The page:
French intel blames Syria's Assad for 'massive' chemical attack

A handout picture released by the Syrian presidency media office and made on Sept 2, 2013 in Damas shows Syrian president Bashar al-Assad answering questions by French journalist Georges Malbrunot. A French intelligence report said on Monday that for
A handout picture released by the Syrian presidency media office and made on Sept 2, 2013 in Damas shows Syrian president Bashar al-Assad answering questions by French journalist Georges Malbrunot. A French intelligence report said on Monday that forces loyal to Bashar al-Assad carried out a "massive" chemical attack last month, as the Syrian leader warned that military strikes against him would risk igniting a regional war. -- PHOTO: AFP

PARIS (AFP) - A French intelligence report said on Monday that forces loyal to Bashar al-Assad carried out a "massive" chemical attack last month, as the Syrian leader warned that military strikes against him would risk igniting a regional war.

Anxious to overcome widespread scepticism of military action in response to the alleged gas attack, France released a nine-page report outlining its case against the regime.

Based on military and foreign intelligence services, the report said the regime launched an attack "combining conventional means with the massive use of chemical agents" on rebel-held areas around the capital Damascus on Aug 21.

It said that based on videos, French intelligence had counted at least 281 dead but that reports of up to 1,500 killed were consistent with such heavy use of chemical weapons.

"The attack on Aug 21 could only have been ordered and carried out by the regime," the report said. "We believe the Syrian opposition does not have the capacity to carry out an operation of such magnitude with chemical agents," it said.

A government source said separately that imagery obtained by French intelligence showed that "the launch zone for the rockets was held by the regime." Washington and Paris are pushing for military action but are facing deep public scepticism, despite the deaths of more than 110,000 people since an uprising against Syria's regime began in March 2011.

French Prime Minister Jean-Marc Ayrault presented the intelligence report to top lawmakers, ahead of a parliamentary debate on the Syria crisis on Wednesday.

The French president can order military action without parliamentary approval but some lawmakers have urged President Francois Hollande to put the issue to a vote, as President Barack Obama is doing in the United States.

Mr Obama was to continue calls Monday to lobby members of Congress to back military action, after a surprise move at the weekend putting off threatened missile strikes.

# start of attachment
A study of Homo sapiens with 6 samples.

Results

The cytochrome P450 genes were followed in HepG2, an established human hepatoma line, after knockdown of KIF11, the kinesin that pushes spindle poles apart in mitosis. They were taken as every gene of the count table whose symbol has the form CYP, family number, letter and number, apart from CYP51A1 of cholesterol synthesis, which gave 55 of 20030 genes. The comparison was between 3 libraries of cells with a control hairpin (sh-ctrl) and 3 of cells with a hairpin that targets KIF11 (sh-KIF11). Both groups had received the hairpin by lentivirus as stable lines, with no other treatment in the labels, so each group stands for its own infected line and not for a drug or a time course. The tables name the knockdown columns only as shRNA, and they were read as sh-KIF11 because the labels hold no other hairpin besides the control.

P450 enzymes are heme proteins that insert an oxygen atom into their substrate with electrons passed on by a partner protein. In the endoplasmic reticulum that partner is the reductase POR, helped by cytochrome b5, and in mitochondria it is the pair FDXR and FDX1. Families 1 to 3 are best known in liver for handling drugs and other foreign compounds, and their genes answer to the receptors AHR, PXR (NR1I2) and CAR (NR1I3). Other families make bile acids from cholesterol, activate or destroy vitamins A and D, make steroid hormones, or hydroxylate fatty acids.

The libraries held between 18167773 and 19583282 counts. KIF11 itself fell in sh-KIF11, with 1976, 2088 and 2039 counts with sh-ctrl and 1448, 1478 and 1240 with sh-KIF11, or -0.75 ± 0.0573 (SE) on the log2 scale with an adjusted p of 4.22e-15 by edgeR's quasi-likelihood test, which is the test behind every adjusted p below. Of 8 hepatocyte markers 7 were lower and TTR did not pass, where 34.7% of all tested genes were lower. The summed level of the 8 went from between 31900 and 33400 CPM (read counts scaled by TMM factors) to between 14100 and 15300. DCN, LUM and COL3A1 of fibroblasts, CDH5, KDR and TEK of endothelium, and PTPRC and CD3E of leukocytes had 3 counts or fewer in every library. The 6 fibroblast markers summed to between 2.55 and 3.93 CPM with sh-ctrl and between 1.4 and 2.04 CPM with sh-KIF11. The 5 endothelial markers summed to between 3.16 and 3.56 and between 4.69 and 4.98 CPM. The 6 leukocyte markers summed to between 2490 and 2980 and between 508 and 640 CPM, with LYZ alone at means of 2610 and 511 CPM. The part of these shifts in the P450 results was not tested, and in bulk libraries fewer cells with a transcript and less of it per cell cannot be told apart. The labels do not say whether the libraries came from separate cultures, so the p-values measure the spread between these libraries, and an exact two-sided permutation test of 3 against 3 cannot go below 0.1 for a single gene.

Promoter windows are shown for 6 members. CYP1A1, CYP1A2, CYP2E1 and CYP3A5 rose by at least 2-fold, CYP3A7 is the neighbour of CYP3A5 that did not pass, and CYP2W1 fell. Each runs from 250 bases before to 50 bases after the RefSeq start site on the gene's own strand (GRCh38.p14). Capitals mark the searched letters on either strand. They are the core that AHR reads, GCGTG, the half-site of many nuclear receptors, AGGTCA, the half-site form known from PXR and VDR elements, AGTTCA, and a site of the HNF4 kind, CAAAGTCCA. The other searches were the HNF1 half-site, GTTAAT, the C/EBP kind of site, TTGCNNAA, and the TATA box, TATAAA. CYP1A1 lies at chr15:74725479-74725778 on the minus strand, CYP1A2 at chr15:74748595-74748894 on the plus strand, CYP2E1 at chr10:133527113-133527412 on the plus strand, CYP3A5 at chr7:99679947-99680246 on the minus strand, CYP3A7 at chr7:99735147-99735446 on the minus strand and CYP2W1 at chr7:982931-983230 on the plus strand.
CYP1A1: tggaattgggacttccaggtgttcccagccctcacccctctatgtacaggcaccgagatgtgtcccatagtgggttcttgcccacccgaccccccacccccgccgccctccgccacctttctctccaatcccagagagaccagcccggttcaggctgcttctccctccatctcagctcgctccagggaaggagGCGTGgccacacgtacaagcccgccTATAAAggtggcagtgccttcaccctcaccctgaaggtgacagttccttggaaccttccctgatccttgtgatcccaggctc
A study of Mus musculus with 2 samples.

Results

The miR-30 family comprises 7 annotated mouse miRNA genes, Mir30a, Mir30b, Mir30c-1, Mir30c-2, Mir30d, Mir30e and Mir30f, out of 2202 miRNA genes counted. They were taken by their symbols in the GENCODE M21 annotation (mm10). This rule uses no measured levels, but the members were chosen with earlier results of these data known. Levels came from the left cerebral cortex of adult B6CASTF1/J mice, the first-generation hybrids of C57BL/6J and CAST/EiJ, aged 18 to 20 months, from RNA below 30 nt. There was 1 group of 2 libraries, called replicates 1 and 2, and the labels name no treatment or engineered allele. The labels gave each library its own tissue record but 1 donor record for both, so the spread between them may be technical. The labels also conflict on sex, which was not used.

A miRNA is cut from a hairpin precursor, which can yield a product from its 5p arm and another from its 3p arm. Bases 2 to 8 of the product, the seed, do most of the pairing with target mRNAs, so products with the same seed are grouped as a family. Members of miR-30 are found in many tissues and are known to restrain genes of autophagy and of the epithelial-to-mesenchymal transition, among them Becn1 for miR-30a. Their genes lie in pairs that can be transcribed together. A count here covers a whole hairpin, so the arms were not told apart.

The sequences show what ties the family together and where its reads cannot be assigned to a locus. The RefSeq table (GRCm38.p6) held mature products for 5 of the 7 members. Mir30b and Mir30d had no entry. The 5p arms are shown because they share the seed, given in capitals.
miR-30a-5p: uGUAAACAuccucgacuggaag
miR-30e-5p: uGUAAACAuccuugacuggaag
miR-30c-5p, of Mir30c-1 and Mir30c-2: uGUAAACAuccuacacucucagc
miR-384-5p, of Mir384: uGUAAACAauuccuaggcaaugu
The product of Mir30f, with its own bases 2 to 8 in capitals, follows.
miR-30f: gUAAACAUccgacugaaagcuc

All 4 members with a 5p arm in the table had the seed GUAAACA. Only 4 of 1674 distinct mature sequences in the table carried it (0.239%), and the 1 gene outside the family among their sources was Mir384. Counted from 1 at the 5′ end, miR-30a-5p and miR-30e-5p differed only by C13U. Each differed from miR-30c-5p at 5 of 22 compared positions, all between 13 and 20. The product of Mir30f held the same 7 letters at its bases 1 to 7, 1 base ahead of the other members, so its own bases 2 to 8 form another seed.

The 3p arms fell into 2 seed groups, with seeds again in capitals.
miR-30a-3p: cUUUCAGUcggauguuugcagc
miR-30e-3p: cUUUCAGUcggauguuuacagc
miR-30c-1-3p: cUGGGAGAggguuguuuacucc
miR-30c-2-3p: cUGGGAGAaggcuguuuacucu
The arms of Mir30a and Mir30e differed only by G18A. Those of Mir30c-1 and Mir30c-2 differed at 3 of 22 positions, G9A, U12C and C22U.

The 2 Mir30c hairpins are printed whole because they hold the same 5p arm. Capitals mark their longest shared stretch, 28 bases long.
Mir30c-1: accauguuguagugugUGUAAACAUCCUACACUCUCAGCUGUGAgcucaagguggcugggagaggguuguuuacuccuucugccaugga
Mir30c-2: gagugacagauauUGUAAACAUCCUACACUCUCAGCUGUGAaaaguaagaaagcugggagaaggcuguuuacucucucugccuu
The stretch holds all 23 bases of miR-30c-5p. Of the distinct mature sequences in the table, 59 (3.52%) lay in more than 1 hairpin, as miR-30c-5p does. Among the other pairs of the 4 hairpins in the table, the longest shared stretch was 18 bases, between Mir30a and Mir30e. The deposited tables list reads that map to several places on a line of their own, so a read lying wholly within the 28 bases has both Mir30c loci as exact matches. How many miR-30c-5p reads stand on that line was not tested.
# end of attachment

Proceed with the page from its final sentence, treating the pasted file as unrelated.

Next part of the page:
That delayed any US-led military action until at least Sept 9, when US lawmakers return from their summer break.

With the administration keen to keep the pressure on, Secretary of State John Kerry and Defence Secretary Chuck Hagel will testify to the Senate Foreign Relations committee on Tuesday.

US Senator John McCain meanwhile said that a failure by Congress to authorise military action in Syria would be "catastrophic" because it would undermine US credibility.

In a rare interview with Western media released on Monday, Mr Assad warned that Western military strikes risked setting off a wider conflict in the Middle East.

"We cannot only talk about a Syrian response, but what could happen after the first strike," Mr Assad said.

"Everyone will lose control of the situation once the powder keg explodes. Chaos and extremism will spread. There is a risk of regional war." He said France should consider the consequences of taking part in military action.

"There will be repercussions, negative ones of course, on the interests of France," Mr Assad said.

France has emerged as the main US ally in the Syria crisis after the British parliament, in a shock move, rejected plans for military action mooted by Washington.

Britain's government said on Monday it had "no plans" to hold a second parliamentary vote on joining military action.

Mr Ayrault said there would be no vote during Wednesday's French parliamentary debate and that Mr Hollande was "continuing efforts to forge a coalition as soon as possible" to take action.

"There is no question of France acting on its own," he added.

It was unclear who else may be persuaded to take part in Western action, but Nato chief Anders Fogh Rasmussen said Monday he was personally convinced the chemical attack had taken place and that Assad's regime was responsible.

He called for a response that would "send a very clear message" against the use of chemical weapons, but said any military action should be "very short, sharp (and) tailored".

Efforts to win UN backing for military action have been stymied by Russia, which said on Monday it remained totally unconvinced that the regime carried out the attack.

Foreign Minister Sergei Lavrov warned that Western military action would sink joint efforts by Washington and Moscow to organise a peace conference in Geneva.

"If the action announced by the US president - to the great regret of all of us - does in fact take place... it will put off the chances of (holding) this conference for a long time, if not forever," Mr Lavrov said.

China, which in the past has joined Russia in blocking UN Security Council resolutions against Mr Assad, also said it was "gravely concerned" about the prospect of "unilateral military actions" against Syria.

Fighting continued to rage in Syria meanwhile, with the Syrian Observatory for Human Rights watchdog saying that nearly 90 rebels were killed near Damascus in the previous 48 hours.